The St Michael’s Partnership has revealed significant changes to its proposals for the mixed-use redevelopment of Jackson’s Row, including retaining the Abercromby pub and the façade of Bootle Street Police Station, and reducing the scheme from two down to one tower.
The revised proposals will be on show at Manchester Central Library later this morning. Key changes are:
- retaining the Sir Ralph Abercromby pub “in recognition of its emotional importance”
- retaining the former Bootle Street Police Station frontage
- a single tower, rather than the twin towers envisaged in the original proposal; now located on the western edge of the site away from the Town Hall
- the tower is 134.5m high, two metres lower than the highest point of the previous 31-storey scheme, and rotated by 90 degrees to be slimmer and less obtrusive when viewed from St Ann’s Square, and is no longer visible from St Peter’s Square
- the tower has greater transparency than the original design due to more glazing and a lighter coloured exterior
The partnership is made up of directors and ex-footballers Gary Neville and Ryan Giggs, Manchester City Council, developer Brendan Flood, Singaporean funder Rowsley, and Beijing Construction Engineering Group. Zerum is planning advisor.
The previous scheme centred around 21 and 31 storey towers, made up of a mix of flats, hotel and offices, and drew fierce criticism due to plans to demolish all existing buildings on site, as well as the height so close to historic civic buildings. The cladding colour, lack of active frontages at street level, and difficult access to raised public realm also attracted objections.
Historic England described the earlier iteration of the project as “aggressive” and set to “cause substantial harm”.
Ken Shuttleworth’s Make was architect on the scheme, until Stephen Hodder was appointed as independent advisor in March, taking over as lead architect last month.
Hodder said he had “started with a clean sheet of paper” and conducted “a bottom-up analysis of the site” which led him to the conclusion that the Sir Ralph Abercromby pub, and the Portland Stone façade of the Police Station should be retained, and the highest point of the building shifted away from Albert Square towards Deansgate.
In place of the 21-storey block, which had been given to office use, a nine-storey building with larger, 15,000 sq ft floorplates, is being proposed. A replacement for the synagogue is still included, at the base of the tower.
The altered plans will still be considered by Manchester City Council as part of the application submitted earlier this year. However, Hodder and Neville were quick to point out at a press briefing that the redesign was still emerging, and detailed proposals would be the subject of another consultation in August before any resubmission. The partnership is hoping for consideration at a planning committee in November.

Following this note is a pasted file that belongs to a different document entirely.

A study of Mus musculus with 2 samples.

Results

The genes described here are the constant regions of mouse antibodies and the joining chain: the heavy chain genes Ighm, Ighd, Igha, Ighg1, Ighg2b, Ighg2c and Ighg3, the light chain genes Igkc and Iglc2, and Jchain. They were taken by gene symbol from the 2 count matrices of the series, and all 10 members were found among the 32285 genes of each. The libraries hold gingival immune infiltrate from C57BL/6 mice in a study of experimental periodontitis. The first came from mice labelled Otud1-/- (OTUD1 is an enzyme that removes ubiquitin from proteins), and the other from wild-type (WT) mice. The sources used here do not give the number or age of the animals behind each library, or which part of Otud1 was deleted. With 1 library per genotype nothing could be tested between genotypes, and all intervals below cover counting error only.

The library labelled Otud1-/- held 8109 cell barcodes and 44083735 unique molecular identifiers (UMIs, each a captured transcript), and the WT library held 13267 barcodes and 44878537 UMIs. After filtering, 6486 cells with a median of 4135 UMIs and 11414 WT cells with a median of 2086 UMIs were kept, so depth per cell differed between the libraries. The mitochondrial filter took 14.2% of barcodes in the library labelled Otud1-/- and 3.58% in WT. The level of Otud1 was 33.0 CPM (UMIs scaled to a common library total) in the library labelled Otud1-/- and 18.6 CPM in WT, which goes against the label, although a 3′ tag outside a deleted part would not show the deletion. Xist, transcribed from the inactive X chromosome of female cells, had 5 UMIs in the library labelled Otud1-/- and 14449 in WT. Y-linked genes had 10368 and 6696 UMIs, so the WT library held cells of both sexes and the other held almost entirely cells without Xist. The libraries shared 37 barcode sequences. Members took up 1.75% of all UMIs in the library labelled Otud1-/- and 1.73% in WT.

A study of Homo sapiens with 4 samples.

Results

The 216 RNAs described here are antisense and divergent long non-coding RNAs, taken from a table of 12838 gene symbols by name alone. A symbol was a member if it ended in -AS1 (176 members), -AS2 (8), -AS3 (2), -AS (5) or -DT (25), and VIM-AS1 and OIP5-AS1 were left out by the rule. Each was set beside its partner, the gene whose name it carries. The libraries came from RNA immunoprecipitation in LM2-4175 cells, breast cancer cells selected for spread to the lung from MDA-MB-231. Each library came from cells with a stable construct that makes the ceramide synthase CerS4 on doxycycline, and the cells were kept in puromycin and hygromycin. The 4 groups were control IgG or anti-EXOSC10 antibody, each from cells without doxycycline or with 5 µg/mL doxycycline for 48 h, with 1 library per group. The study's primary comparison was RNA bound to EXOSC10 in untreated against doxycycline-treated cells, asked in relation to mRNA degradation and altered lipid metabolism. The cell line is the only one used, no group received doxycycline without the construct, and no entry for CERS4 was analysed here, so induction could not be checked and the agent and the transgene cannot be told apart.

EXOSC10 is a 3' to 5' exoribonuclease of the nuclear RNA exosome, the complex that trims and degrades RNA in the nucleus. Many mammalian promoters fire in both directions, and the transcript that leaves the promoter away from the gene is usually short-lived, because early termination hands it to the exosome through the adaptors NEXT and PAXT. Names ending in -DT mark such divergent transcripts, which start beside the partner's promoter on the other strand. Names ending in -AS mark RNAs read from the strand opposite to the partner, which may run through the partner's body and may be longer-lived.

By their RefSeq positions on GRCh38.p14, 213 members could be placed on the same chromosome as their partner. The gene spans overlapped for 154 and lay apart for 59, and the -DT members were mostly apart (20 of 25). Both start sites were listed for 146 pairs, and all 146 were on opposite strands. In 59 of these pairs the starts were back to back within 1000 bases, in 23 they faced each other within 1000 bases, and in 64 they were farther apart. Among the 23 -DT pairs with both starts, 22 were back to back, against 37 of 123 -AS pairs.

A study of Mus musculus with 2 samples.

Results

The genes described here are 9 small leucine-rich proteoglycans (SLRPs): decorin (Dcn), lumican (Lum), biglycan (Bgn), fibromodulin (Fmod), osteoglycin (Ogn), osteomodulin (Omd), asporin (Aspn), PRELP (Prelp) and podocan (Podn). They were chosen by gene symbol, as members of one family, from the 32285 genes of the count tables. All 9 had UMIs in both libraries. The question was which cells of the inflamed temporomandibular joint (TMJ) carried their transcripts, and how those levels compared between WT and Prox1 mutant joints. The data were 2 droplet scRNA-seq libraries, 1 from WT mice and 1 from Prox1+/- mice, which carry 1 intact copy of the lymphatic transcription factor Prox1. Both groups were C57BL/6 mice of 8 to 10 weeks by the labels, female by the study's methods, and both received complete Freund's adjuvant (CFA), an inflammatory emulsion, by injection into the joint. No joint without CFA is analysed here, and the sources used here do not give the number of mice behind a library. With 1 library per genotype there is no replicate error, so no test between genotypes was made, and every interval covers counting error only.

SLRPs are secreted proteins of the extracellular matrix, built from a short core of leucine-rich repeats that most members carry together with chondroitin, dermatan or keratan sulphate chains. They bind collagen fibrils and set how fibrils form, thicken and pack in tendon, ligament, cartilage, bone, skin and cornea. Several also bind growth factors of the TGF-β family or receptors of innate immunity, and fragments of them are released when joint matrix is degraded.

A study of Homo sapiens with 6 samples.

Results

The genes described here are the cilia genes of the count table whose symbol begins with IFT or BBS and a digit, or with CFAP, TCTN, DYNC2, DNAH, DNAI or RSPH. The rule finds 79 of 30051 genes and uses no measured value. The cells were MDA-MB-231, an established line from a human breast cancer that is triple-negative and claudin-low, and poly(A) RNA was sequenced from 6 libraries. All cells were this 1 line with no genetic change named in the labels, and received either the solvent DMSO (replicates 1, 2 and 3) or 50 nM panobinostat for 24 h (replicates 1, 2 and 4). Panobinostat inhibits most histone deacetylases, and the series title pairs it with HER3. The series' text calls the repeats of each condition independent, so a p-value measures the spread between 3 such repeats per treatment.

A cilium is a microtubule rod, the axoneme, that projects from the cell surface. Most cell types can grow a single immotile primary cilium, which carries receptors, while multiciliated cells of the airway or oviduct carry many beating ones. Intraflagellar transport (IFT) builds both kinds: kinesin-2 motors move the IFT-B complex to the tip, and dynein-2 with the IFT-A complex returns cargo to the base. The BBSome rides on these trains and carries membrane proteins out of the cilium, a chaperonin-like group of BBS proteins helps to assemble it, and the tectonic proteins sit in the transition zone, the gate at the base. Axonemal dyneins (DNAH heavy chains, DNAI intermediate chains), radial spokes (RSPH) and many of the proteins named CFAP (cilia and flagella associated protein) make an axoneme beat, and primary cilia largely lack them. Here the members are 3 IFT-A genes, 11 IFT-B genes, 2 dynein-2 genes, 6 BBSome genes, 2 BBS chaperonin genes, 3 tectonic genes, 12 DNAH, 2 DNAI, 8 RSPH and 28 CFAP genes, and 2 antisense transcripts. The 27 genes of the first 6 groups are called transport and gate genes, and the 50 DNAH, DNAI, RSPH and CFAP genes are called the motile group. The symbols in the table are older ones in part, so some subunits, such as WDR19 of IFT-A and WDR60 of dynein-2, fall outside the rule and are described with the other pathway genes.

The revised tower will contain apartments, the exact number yet to be confirmed, and the hotel. The building would sit on a podium, connected via steps to the roof of the office, to deliver outdoor space which would be operated by a bar or other venue.
The new scheme incorporates more ground floor retail units, expected to be taken up by food and drink operators. According to Hodder “90% of the perimeter is now activated”.
While Neville defended the earlier scheme as reflecting his ambition “to reach for the stars, and create something internationally unique”, he said, “It was important that we got it right and while we believed in the original scheme, we have taken the opportunity to reflect on how we deliver the best possible proposal which balances generating the maximum economic benefits for the city and job creation, and our architectural ambition, with heritage and conservation.
“We did not shy away from the passionate debate around the original proposals but instead embraced it in a positive spirit and addressed some of the issues raised head-on.
“At the same time, we have kept faith with our central vision of creating a true mixed-use destination with a signature development of the highest quality including residential living, Grade A offices, a five-star hotel, exciting retail and leisure units and world-class outdoor spaces.
“The confidence of investors and occupiers has been retained throughout this process and, subject to planning approval, we will be on site by spring or early summer 2018.”
Historic England has been presented with the amended plans, and described the work as “positive progress”.
Catherine Dewar, planning director in the North West for Historic England, said: “We strongly believe that this extraordinary area of Manchester deserves a thoughtful scheme which responds to its surroundings, contributes to the neighbouring streets and welcomes people in. The new proposals are much closer to achieving this and have the potential to enhance the character of the Deansgate/Peter Street conservation area, rather than dominate it, as the previous scheme threatened.
“We are happy to see that the front building of the former police headquarters complex will now be kept and that the Sir Ralph Abercromby pub will be incorporated into the development because although they aren’t listed, these buildings have soul and tell important stories about our city’s past.
“We also welcome the fact that there is now only one tower in the scheme which has been moved to a different part of the site, further away from the Town Hall, and twisted around. This change means it has much less of an impact on the grand civic buildings here, including the nationally-important grade two-listed Central Library, grade one-listed Town Hall, and grade one-listed St Ann’s Church.”